Survey: Anxiety, depression and burnout on the rise as college students prepare to return to campus

Experts at Ohio State encourage students to make their mental health a priority as university leaders work to expand resources


     “In August 2020, the first time we did the survey, student burnout was at 40%. In April 2021, it was 71%,” said Bernadette Melnyk, chief wellness officer and dean of the College of Nursing at Ohio State. “The survey really brought students’ continued mental health struggles to light, and it is crucial that we arm students with the resilience, cognitive-behavioral skills and coping skills that we know are protective against mental health disorders.”

    That’s why Melnyk and leaders at Ohio State and The Ohio State University Wexner Medical Center are working to expand evidence-based programs and resources and to integrate them into the curriculum to help students prioritize their mental health. Experts are using data from the survey to develop new programs based on the needs of different subgroups of students and have released a new “five to thrive” checklist to help students support their mental health and well-being as they settle back into campus life.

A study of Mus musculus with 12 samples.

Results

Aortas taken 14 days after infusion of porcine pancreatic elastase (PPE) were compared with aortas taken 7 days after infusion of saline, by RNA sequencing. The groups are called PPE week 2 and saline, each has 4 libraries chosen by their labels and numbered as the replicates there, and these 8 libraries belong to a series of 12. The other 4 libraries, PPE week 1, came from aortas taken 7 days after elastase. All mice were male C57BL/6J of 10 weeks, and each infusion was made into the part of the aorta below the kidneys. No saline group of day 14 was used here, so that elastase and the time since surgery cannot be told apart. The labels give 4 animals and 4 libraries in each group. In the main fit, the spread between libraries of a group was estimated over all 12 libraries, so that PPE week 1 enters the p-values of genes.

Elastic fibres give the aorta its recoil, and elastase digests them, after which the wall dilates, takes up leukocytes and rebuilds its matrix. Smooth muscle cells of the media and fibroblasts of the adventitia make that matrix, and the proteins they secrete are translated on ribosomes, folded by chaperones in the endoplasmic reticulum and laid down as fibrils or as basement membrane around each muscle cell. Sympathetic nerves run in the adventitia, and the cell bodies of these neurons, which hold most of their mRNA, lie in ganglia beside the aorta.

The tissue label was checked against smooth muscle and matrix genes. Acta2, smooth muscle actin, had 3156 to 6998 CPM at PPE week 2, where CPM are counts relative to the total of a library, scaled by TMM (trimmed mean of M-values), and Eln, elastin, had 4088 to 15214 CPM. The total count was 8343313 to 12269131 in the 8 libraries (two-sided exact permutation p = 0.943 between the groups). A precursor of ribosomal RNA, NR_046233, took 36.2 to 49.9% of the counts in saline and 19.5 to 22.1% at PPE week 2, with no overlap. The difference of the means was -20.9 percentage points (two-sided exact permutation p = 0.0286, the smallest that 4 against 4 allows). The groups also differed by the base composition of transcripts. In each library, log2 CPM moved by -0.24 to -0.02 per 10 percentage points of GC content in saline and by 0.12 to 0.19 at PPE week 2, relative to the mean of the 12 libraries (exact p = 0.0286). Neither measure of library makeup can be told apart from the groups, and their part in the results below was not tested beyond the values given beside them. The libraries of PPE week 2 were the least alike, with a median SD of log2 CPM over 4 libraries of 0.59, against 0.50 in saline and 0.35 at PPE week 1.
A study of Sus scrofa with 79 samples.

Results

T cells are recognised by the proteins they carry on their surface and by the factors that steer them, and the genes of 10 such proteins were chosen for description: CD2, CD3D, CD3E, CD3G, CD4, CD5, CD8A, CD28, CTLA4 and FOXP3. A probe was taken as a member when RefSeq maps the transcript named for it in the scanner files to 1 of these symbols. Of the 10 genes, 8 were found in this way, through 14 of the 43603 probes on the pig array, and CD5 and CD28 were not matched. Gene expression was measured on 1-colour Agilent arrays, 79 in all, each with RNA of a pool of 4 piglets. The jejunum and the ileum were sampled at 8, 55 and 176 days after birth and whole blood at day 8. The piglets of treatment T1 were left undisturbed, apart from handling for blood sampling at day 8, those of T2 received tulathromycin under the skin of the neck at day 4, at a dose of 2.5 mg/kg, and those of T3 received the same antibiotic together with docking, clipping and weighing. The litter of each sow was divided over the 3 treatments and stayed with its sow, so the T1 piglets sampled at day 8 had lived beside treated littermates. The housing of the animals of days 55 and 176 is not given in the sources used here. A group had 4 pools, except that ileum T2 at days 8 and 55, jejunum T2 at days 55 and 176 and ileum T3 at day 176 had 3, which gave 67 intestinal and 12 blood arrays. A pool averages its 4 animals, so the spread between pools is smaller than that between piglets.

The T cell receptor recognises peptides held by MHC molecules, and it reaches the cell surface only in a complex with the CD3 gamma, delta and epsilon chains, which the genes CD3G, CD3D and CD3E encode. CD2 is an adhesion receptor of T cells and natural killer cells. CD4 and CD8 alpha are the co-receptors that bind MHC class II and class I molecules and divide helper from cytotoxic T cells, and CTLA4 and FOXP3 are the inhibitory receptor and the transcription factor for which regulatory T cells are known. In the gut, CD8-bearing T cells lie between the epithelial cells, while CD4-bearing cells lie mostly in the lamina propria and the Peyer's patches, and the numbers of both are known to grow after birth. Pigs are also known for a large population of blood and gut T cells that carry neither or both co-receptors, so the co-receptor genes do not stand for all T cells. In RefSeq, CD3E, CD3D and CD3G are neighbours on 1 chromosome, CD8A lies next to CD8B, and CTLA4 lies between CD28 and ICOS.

“Students are often overloaded with their regular coursework, so when they’re offered these wonderful programs they sometimes just see them as one more thing to do,” Melnyk said. “By making them part of their classes and campus life and ensuring students know exactly where to go for help as they need it, we can really impact a lot more lives and give these students skills that will serve them for the rest of their lives.”



Ohio State chief wellness officer Bernadette Melnyk led a survey that found depression, anxiety and burnout levels are on the rise among students as they prepare to return to campus.

Mary Trabue speaks with a counselor at The Ohio State University. After struggling with the stress and anxiety of the pandemic and virtual learning, Mary has learned healthy coping mechanisms that help when she’s feeling overwhelmed.

Mary Trabue is excited to get back to a more normal college experience this year as a senior at Ohio State. The stress of the pandemic and virtual learning led her to seek the help of a counselor and find healthy ways to cope.